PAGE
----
If Jake E. Lee has been on a personal redemptive quest since the BADLANDS years, he's taken a modest and methodic path down his own voodoo highway to get there. The former OZZY OSBOURNE guitarist was unceremoniously fired then overshadowed by his high-profile successor, Zakk Wylde. However, his partnership with the late Ray Gillen in BADLANDS provided Lee a sanctum he obviously holds a candle for more so than "Bark at the Moon" and "The Ultimate Sin".
Following his small cluster of solo albums, RED DRAGON CARTEL represents Jake E. Lee's second shot at living in the BADLANDS days, shaking up his bluesy haven with a grunge and psych rock kick. Lee is joined by ex-LYNCH MOB bassist Anthony Esposito, former SAIGON KICK and SKID ROW drummer Phil Varone and HAREM SCAREM member Darren James Smith. Following RED DRAGON CARTEL's 2014 self-titled debut—highlighted by appearances from Maria Brink, Robin Zander and Rex Brown—the band's second release, 2018's "Patina" is a better realized if sometimes repetitive follow-up. It's also a tremendous showcase of Jake E. Lee and Anthony Esposito's playing prowess.
Jake E. Lee's strokes give "Speedbag"'s steaming march a swagger that carries right into "Havana", which reveals further poise and toughness to Lee's tugging riffs. On "Havana" Darren James Smith drifts along and accents Anthony Esposito's purring bass lines with Lee ladling hot guitar gravy over his low-end solos.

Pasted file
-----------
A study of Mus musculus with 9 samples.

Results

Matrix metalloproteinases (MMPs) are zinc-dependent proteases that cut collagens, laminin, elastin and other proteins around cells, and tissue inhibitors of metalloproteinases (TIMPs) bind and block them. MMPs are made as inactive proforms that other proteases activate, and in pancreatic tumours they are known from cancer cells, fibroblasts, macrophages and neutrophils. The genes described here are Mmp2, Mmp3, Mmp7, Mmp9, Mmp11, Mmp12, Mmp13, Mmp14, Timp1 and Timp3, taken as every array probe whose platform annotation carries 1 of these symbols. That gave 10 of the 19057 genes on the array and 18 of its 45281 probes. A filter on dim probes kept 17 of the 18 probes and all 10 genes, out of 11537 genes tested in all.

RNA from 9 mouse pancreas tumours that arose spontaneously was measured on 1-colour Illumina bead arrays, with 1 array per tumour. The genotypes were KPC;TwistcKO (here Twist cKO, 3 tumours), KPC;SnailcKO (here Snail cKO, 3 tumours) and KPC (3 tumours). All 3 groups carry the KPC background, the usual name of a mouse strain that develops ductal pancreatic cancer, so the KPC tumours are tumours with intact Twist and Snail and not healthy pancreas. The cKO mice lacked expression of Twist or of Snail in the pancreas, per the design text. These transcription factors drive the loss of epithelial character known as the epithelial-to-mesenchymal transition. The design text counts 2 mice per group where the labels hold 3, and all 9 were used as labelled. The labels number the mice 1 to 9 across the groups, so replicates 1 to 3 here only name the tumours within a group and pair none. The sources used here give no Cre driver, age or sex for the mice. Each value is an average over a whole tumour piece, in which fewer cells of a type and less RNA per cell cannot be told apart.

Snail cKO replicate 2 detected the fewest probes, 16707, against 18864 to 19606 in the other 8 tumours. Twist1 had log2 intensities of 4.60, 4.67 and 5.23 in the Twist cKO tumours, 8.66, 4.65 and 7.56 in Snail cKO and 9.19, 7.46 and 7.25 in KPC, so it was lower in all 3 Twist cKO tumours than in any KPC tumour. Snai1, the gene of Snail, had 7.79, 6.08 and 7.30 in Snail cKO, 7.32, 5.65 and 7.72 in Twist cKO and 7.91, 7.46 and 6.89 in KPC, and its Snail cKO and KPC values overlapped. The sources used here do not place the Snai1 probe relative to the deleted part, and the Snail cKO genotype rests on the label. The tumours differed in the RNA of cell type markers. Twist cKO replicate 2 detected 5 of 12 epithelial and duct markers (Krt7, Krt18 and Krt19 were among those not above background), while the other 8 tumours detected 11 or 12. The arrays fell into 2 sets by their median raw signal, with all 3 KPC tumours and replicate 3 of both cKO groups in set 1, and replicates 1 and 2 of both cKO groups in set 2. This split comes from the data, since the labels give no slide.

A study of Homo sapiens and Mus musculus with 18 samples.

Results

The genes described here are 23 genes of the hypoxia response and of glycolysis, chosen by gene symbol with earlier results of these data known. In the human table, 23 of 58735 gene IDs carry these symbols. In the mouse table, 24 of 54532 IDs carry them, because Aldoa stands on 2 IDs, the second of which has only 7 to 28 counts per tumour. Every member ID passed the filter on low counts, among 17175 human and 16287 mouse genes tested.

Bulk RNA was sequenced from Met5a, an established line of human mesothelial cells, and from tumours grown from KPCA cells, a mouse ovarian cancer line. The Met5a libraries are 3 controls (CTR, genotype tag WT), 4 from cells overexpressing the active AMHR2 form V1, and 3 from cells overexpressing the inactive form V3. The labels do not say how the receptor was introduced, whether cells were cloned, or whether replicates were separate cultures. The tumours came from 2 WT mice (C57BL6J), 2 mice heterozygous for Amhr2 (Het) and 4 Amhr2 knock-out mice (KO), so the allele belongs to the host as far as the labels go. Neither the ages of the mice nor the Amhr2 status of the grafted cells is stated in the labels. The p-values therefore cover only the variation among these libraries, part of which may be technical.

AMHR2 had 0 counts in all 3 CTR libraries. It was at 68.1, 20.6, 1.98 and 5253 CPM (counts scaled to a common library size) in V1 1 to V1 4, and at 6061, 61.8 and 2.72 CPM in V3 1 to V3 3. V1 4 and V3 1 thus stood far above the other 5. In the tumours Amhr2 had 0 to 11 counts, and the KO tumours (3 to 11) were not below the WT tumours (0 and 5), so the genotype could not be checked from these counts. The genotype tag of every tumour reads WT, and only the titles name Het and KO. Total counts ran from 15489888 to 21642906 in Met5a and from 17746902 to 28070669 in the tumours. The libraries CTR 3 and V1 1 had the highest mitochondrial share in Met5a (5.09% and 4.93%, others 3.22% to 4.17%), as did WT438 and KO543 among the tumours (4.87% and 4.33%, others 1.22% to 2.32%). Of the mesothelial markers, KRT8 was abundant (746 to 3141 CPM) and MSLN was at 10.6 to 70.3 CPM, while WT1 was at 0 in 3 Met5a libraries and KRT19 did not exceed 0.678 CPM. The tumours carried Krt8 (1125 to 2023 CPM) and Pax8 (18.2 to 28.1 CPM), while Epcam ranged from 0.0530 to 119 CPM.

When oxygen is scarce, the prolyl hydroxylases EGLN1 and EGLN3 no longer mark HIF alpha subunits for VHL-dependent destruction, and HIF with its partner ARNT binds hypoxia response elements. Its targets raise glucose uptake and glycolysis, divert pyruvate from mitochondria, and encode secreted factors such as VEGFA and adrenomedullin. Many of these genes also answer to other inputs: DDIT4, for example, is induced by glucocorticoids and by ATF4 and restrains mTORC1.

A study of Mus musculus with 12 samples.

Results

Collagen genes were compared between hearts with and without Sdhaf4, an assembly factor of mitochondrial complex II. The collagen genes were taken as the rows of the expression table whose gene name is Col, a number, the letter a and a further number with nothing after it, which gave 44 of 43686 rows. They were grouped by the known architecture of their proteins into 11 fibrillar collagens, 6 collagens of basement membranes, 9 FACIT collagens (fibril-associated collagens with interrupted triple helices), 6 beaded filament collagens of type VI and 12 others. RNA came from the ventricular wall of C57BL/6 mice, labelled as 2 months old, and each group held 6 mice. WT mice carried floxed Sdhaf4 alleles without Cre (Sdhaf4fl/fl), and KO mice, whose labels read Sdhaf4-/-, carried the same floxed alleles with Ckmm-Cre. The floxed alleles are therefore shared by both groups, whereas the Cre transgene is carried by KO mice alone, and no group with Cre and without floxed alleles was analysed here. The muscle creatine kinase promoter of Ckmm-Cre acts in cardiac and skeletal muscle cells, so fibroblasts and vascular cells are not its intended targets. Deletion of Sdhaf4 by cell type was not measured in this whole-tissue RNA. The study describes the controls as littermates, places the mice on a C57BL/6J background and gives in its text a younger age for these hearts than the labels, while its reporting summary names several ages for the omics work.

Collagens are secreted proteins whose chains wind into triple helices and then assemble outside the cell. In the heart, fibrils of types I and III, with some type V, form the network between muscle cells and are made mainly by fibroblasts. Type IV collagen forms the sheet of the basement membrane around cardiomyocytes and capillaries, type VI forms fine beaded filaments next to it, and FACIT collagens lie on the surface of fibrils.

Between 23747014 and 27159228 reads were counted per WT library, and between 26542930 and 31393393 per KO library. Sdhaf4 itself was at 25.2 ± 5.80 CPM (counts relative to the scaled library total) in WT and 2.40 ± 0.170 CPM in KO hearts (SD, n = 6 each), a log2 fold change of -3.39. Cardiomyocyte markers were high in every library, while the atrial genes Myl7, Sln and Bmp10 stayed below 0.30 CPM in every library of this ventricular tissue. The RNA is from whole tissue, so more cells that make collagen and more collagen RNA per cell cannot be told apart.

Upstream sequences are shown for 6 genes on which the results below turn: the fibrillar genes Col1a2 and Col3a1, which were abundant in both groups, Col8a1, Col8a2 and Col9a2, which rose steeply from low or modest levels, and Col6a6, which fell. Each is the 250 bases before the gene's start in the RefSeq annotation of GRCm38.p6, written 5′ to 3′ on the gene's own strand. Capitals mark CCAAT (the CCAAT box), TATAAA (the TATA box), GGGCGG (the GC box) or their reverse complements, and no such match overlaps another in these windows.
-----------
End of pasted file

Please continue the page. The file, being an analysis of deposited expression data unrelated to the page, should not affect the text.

The tracks "Crooked Man", "Chasing Ghosts", "A Painted Heart" and "The Luxury of Breathing" are BADLANDS reinvented with a peer into STONE TEMPLE PILOTS's aromatic "Lady Picture Show" circa 1996. Anthony Esposito and Phil Varone pound massive grooves behind Jake E. Lee's riff flexing, driving the destinations of these cuts toward fragrant psych-alt choruses.
"Bitter" is more in tune with today's garage revival, and one might pick up a bluesy air of KING's X along the way, even if the entire thought process is BADLANDS-driven. Jake E. Lee squeezes more grease into his solo on "Bitter" than McDonald's at lunchtime. The psych-blues kicker "Punchclown" likewise carries a trace of KING's X methodology; its finest moment coming with Lee's ear-splintering first solo.
What if THE DOORS, Jimi Hendrix and NIRVANA converged to crank out a garage-blues-surf-grunge jam in some strange corner of the rock-verse? You'd get it right here on "Ink & Water", one of "Patina"'s most inventive tracks. In whatever manner Jake E. Lee and RED DRAGON CARTEL are received by listeners from this point, you can't deny these guys had a blast making this album. That speaks louder than the shreds, picks and fret drags giving Jake E. Lee a new lease on life.